Mother’s Day is this Sunday, May 12th. Here at Population Connection, we honor mothers every day by working toward a world where they can choose how many children to have, and when to have them, based on what’s best for themselves and their families.
For too many women, this level of self-determination isn’t a reality. They are women like Mary, a 33-year-old single mother of five children in Nairobi, Kenya. She relies on her local health clinic for contraceptives and for health care for herself and her young children. Unfortunately, her clinic, Family Health Options Kenya (FHOK), stopped receiving U.S. aid due to Trump’s imposition of the heinous Global Gag Rule as soon as he took office. The Gag Rule prohibits any overseas health clinic that receives U.S. global health aid from even mentioning abortion. Health providers who refuse to treat their patients with anything less than comprehensive care have had to forfeit U.S. aid. That has led to staff layoffs, program cuts, and—when sufficient alternate funding hasn’t been available—shuttered clinics.
And for Mary, and other women already living on the margins, the effects are deeply personal.
“If you come here and you can be charged something like 800, you don’t have even 50 shillings, then they tell you to go. You just have to go back to your house with a sick child. Cause just Trump has refused to assist us. What can we do? Or is he happy when people are dying? Is he happy? Trump should think. All of us, we are created by God. Just tell him to have the heart.”
FHOK has offered a range of reproductive health services throughout Kenya since it was established in 1962. Its free Kibera clinic opened in 2014, thanks to support from the United States Agency for International Development (USAID)—creating a lifeline for women and children living in some of the world’s most challenging circumstances. However, Trump’s Global Gag Rule has cut that lifeline. Without USAID funding to offset the cost of services FHOK provides many patients for free, the clinic has already announced its impending closure—leaving patients like Mary without access to care.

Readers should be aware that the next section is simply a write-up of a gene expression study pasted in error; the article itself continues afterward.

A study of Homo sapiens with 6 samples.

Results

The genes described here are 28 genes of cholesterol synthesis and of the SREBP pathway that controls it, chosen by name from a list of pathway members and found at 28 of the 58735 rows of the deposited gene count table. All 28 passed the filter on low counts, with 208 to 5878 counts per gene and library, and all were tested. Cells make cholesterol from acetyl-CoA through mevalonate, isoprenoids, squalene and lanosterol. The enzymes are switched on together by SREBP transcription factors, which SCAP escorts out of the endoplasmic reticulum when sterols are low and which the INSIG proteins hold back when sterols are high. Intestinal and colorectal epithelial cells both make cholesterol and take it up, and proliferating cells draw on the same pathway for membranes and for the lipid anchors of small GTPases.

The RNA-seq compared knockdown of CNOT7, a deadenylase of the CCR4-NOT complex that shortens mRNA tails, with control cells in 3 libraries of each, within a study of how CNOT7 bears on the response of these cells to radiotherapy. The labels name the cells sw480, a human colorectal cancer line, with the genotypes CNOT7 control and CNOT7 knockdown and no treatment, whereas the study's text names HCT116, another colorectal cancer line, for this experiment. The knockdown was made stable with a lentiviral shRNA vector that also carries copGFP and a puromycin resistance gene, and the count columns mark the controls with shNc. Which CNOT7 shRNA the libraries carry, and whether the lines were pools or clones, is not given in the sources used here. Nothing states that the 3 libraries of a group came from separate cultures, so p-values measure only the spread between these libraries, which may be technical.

Mary’s story is just one piece of a much larger narrative—one in which cruel and short-sighted policies have harsh real-world implications for millions of women around the globe.
Frequent pregnancies and inadequate health care contribute to more than 300,000 maternal deaths—and 2.7 million newborn deaths—each year. In sub-Saharan Africa, the lifetime risk of dying of maternal causes is 1 in 36. In high-income countries, it’s 1 in 3,300. Preventing pregnancies from happening too soon after the birth of a child, or from happening when a woman is too young or too old goes a long way toward improving maternal and infant health and survival. As a bonus, with proper birth spacing, fertility rates go down, which improves girls’ chances of staying in school, which then increases their likelihood of marrying later and having fewer children. In other words, access to contraception and other reproductive health care services begins a virtuous cycle that can bring benefits to women, children, and entire communities.
Addressing the global unmet need for family planning is one of the best investments we can make for mothers, current and future, and for the future of our planet. The cost of meeting the contraceptive needs of all women in the developing world would amount to just $1.90 per woman per year. This Mother’s Day, join us in empowering women with health and rights to make the world a better place for everyone.